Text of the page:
David O’Connor, the state Department of Public Instruction’s American Indian Studies Consultant, has added two awards to his mantlepiece in the past month.
At the National Education Association conference in July, O’Connor was honored with the Leo Reano Memorial Award, which recognizes someone “whose activities in American Indian/Alaska Native affairs significantly impact education and the achievement of equal opportunity for American Indians/Alaska Natives,” according to the NEA website.
“O’Connor diligently promotes the education and empowerment of all students and educators throughout Wisconsin,” the website says.
The award is named for Leo Reano, a member of the Santo Domingo Indian Pueblo who served on the All Indian Pueblo Council and the NEA Council on Human Relations, and dedicated his life to securing educational opportunities for American Indian/Alaska Native children.
Earlier this month, he was additionally honored with a 2022 Forward Award from the Wisconsin Foundation and Alumni Association.
WFAA specifically cited his work with PBS Wisconsin to create WisconsinFirstNations.org, a collection of resources about the 12 American Indian Nations present in the state.
In an interview Friday, O’Connor said he is “humbled” by the recognitions.
“There’s so many amazing people that I work with, and so many amazing other folks who are very deserving of these awards … for me to receive this, I’m extremely honored,” he said. “I always dedicate this work, these accomplishments to my two daughters, first and foremost, and to my family, to my community, as well as my Nation.”
O’Connor is a member of the Bad River Band of Lake Superior Ojibwe, where is traditional name is Bwaakoningwiid, which translates to “Broken Wing” and connotes someone who overcomes obstacles.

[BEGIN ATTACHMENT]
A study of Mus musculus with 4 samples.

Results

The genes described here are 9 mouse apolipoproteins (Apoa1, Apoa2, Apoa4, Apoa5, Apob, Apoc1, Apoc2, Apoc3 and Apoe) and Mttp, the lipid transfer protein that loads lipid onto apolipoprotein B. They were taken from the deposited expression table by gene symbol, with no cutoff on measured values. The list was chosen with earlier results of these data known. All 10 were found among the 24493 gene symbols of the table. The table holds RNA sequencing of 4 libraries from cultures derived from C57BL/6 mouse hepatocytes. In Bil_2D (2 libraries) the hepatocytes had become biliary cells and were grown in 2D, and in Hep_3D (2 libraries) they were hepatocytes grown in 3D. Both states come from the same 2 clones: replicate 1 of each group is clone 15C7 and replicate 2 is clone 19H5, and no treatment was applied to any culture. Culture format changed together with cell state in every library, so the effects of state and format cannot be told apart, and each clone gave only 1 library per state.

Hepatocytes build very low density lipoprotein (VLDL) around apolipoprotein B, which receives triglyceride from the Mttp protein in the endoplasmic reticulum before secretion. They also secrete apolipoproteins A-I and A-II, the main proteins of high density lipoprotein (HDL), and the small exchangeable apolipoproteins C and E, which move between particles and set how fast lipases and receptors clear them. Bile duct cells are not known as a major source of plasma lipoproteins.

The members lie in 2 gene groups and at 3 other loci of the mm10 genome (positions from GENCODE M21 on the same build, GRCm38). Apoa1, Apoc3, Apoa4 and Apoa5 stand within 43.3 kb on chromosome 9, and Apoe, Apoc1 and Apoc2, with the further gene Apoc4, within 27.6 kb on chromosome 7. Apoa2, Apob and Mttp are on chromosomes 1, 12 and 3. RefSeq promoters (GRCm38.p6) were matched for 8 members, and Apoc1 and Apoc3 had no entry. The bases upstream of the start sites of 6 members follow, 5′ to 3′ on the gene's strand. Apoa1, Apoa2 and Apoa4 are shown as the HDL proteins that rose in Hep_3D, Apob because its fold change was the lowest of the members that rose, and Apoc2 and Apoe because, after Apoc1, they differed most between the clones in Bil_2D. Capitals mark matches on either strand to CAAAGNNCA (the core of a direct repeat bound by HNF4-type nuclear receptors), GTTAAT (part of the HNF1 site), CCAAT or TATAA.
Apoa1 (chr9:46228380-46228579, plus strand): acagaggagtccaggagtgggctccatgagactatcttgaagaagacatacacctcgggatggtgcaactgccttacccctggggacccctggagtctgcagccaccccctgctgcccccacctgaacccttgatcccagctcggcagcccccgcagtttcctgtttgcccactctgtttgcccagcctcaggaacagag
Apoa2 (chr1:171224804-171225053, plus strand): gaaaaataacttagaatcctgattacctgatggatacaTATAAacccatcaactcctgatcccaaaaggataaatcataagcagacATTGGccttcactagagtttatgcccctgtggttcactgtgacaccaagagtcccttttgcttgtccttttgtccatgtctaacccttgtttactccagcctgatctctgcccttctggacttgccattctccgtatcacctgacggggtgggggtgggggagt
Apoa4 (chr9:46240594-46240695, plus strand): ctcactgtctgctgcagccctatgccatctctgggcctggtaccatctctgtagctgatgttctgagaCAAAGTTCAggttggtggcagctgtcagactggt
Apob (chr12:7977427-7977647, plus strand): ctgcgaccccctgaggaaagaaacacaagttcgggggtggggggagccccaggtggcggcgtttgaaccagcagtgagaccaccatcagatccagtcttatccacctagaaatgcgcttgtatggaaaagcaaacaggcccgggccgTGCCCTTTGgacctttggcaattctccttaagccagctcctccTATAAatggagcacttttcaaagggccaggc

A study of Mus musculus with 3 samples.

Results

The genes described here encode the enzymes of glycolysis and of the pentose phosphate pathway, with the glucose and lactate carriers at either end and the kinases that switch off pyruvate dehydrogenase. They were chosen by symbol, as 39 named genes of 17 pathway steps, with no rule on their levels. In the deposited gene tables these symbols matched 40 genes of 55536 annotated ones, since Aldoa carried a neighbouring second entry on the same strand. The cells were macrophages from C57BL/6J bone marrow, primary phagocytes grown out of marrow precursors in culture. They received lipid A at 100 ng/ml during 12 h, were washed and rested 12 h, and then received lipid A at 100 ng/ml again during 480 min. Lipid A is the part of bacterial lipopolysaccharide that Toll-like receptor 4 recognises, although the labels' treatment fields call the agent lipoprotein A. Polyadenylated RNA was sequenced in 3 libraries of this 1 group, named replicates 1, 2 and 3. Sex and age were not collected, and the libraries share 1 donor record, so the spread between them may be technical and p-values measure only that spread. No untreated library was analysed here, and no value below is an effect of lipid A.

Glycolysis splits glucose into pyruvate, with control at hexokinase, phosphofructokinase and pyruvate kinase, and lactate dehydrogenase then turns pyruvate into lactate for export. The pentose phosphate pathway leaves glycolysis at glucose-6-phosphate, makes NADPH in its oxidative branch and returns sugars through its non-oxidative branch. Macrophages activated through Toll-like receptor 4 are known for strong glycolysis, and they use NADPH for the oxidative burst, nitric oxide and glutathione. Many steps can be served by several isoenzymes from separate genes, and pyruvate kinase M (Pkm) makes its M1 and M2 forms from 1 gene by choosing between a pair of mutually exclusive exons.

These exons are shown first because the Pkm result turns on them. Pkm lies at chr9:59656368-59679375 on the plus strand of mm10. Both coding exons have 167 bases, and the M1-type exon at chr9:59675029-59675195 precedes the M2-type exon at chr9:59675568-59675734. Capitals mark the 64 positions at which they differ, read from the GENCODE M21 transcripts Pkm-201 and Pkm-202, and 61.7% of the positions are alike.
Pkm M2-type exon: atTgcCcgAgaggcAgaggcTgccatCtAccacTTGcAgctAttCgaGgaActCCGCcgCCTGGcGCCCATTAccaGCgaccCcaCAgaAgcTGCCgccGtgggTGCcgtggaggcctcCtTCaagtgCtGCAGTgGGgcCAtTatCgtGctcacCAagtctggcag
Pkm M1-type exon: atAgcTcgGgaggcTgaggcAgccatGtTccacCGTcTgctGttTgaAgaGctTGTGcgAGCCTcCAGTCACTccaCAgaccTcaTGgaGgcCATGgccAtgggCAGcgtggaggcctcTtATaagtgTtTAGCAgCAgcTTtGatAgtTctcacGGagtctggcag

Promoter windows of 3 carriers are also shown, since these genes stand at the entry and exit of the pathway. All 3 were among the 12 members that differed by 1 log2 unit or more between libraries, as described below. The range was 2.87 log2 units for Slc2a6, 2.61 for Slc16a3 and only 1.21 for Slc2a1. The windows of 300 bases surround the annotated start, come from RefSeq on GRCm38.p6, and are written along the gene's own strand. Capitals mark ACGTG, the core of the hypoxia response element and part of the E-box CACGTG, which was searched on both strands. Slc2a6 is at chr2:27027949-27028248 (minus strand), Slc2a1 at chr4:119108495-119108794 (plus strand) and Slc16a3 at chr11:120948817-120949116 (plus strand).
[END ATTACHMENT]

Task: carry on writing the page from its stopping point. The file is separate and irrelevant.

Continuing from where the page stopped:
“Being a first generation college student, I didn’t know what college was about,” he said. “When I came to UW Madison, I really didn’t know it was,” he said. “To me, coming from the reservation where I grew up, to come to Madison, it was like New York City. It was so big and so overwhelming.”
He said other students made him very aware of his “reservation accent.”
“It wasn’t like they were making me feel like I was bad or anything, but they let me know I was different, though,” he said.
Still, he was able to cultivate a small community of fellow Indigenous students and ultimately thrive, earning a bachelor’s degree in 2005 and master’s in education leadership policy analysis in 2013. He is also working toward a doctoral degree at Edgewood.
He said his journey into education leadership started very early: he specifically cited Joyce Newman, a second-grade teacher in Ashland, where he attended school.
“She made me feel like, every time I walked in that door, she saw me as David. She didn’t make me feel like that kid from the reservation. She didn’t make me feel like that kid from so-and-so’s family. She always made me feel like I was that special. She always made me feel like I could do anything,” he said.
O’Connor has said that he believes educators should “teach culturally” rather than teaching about cultures. Helping schools and teachers infuse Indigenous history and culture throughout the curriculum is one of his primary aims.
“Learning about Indigenous people shouldn’t be just seen as an add-on, it should be seen as an integral part of your curriculum,” he said. “If we’re learning about governments in Wisconsin, tribal government should be part of that conversation just as equally as federal, state, local, county, all the way through … to me, learning about our First Nations peoples and communities and nations is a huge part of understanding who Wisconsin is, or what Wisconsin is.”